Friday, April 30, 2010



Poesie der Entschleunigung: Ein Lesebuch by Robert Lax, Ed. Sigrid Hauff
(Pendo Verlag, Munich & Zurich, 2008)


Robert Lax (1915-2000) for me epitomized the legendary small-press writer whose books appeared not because a publisher thought he could make money on them or someone at a university press had enough power to get them printed but because his publishers loved Lax's profoundly innovative work.

His work's first loyal loving publisher was Emil Antonucci, a Brooklyn graphic designer whose Journeyman Press produced classic Lax chapbooks in the 1950s and 1960s. Then came Gladys Weigner and Bernhard Moosbrugger, Swiss, whose Pendo Verlag in Zurich issued modest perfectbound Lax books from the 1970s into the 1990s. This imprint has survived Moosburger's passing thanks to Sigrid Hauff, a Munich litéraratteur, who edited and introduced this new anthology of Lax's best writing-in English translation, Poetry of De-Acceleration, or Speeding Down. Hauff also wrote A Line in Three Circles. The Inner Biography of Robert Lax (Norderstedt/Germany: Books on Demand, 2007).

Though Ms. Hauff's introduction is entirely in German, all the Lax texts appear with the original English on the left-hand (verso) pages, and brilliant indeed they are, making this German book the best selection of an American poet's work. My own new favorite is not a severely minimal poem, which was Lax's forte, but a prose text titled "21 Pages," which begins: "Searching for you, but if there is no one, what am I searching for? Still you. Some sort of you. Not for myself?" Nothing known to me resembles this.

Why is it after decades of a self-congratulatory National Endowment for the Arts that so much of this first-rank innovative American writer is still published abroad? What truth is implicit in that fact?

For many years, Lax's larger books reprinted a blurb attributed only to the New York Times Book Review: "among America's greatest experimental poets, . . . the last unacknowledged-and, alas, uncollected-major poet of his post-60s generation." Crediting the NYTBR annoyed me, whose words they were, who sneaked the encomium into a 1978 review of Thomas Merton's Collected Poems. Never has anyone else connected to the NYTBR acknowledged Lax's (or most other American avant-garde) poetry. Never. That's never.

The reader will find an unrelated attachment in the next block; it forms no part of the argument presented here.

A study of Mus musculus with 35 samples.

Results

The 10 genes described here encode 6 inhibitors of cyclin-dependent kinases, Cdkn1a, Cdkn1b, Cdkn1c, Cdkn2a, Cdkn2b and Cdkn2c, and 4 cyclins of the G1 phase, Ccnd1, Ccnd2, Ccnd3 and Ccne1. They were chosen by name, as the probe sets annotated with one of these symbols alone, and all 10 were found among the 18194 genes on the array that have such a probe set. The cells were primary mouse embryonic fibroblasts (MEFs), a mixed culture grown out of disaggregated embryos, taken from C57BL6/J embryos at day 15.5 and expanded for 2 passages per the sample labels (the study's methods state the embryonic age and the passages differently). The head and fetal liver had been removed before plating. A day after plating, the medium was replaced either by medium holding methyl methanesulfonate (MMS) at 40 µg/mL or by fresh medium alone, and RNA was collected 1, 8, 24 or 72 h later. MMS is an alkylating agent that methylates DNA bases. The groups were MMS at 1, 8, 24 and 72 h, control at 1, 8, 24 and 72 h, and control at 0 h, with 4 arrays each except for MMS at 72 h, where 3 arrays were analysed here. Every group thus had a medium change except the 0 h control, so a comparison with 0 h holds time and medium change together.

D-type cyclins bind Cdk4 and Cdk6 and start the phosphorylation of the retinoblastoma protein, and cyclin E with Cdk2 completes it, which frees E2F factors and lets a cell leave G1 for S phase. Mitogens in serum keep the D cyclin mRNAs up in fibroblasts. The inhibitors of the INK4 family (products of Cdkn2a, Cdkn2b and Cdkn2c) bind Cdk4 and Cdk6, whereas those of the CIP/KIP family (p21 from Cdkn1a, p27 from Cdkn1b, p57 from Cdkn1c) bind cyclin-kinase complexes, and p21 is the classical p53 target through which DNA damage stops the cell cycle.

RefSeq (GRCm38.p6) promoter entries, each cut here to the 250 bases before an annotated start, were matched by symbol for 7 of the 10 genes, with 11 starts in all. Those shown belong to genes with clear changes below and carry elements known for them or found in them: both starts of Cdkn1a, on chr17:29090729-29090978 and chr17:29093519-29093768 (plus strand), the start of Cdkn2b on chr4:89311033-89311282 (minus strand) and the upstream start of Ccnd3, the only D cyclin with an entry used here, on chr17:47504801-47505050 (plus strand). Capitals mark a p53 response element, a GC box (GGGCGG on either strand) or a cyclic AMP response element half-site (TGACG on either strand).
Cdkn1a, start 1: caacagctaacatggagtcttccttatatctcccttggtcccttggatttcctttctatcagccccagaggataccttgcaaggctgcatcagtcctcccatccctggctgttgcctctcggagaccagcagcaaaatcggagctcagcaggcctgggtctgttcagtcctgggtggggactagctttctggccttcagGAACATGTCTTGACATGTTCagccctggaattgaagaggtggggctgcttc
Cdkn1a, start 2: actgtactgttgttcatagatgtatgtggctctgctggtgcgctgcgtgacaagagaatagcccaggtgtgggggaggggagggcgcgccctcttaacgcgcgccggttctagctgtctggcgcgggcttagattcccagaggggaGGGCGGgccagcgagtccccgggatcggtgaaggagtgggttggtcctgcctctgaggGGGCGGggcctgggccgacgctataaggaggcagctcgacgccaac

One virtue of James Harford's Merton & Friends (Continuum, 2006) is crediting me, thanks, though the book's dust-jacket mentions only the NYTBR, dammit. Otherwise, Harford's book is a charming memoir that connects the legendary Trappist Merton to his college buddies, Lax and Edward Rice. The last published the influential liberal Catholic magazine Jubilee in the 1950s and 1960s to which the others, including Moosbrugger, contributed.

This Catholic emphasis accounts for why a fourth, equally influential college buddy in Merton's circle is slighted—Ad Reinhardt, a Protestant, whose minimalist paintings were likewise concerned with higher spirituality, whose prose was as concise as Lax's.

May a respectful publisher, perhaps Continuum, someday release a book anthology remembering the best of Jubilee, which I would review, much as I'm now gladly re-reviewing Robert Lax.

This article is part of Richard Kostelanetz's PERSON OF LETTERS IN THE CONTEMPORARY WORLD which is forthcoming via Kindle.


Individual entries on Richard Kostelanetz's work in several fields appear in various editions of Readers Guide to Twentieth-Century Writers, Merriam-Webster Encyclopedia of Literature, Contemporary Poets, Contemporary Novelists, Postmodern Fiction, Webster's Dictionary of American Writers, The HarperCollins Reader's Encyclopedia of American Literature, Baker's Biographical Dictionary of Musicians, Directory of American Scholars, Who's Who in America, Who's Who in the World, Who's Who in American Art,,, and, among other distinguished directories. Otherwise, he survives in New York, where he was born, unemployed and thus overworked.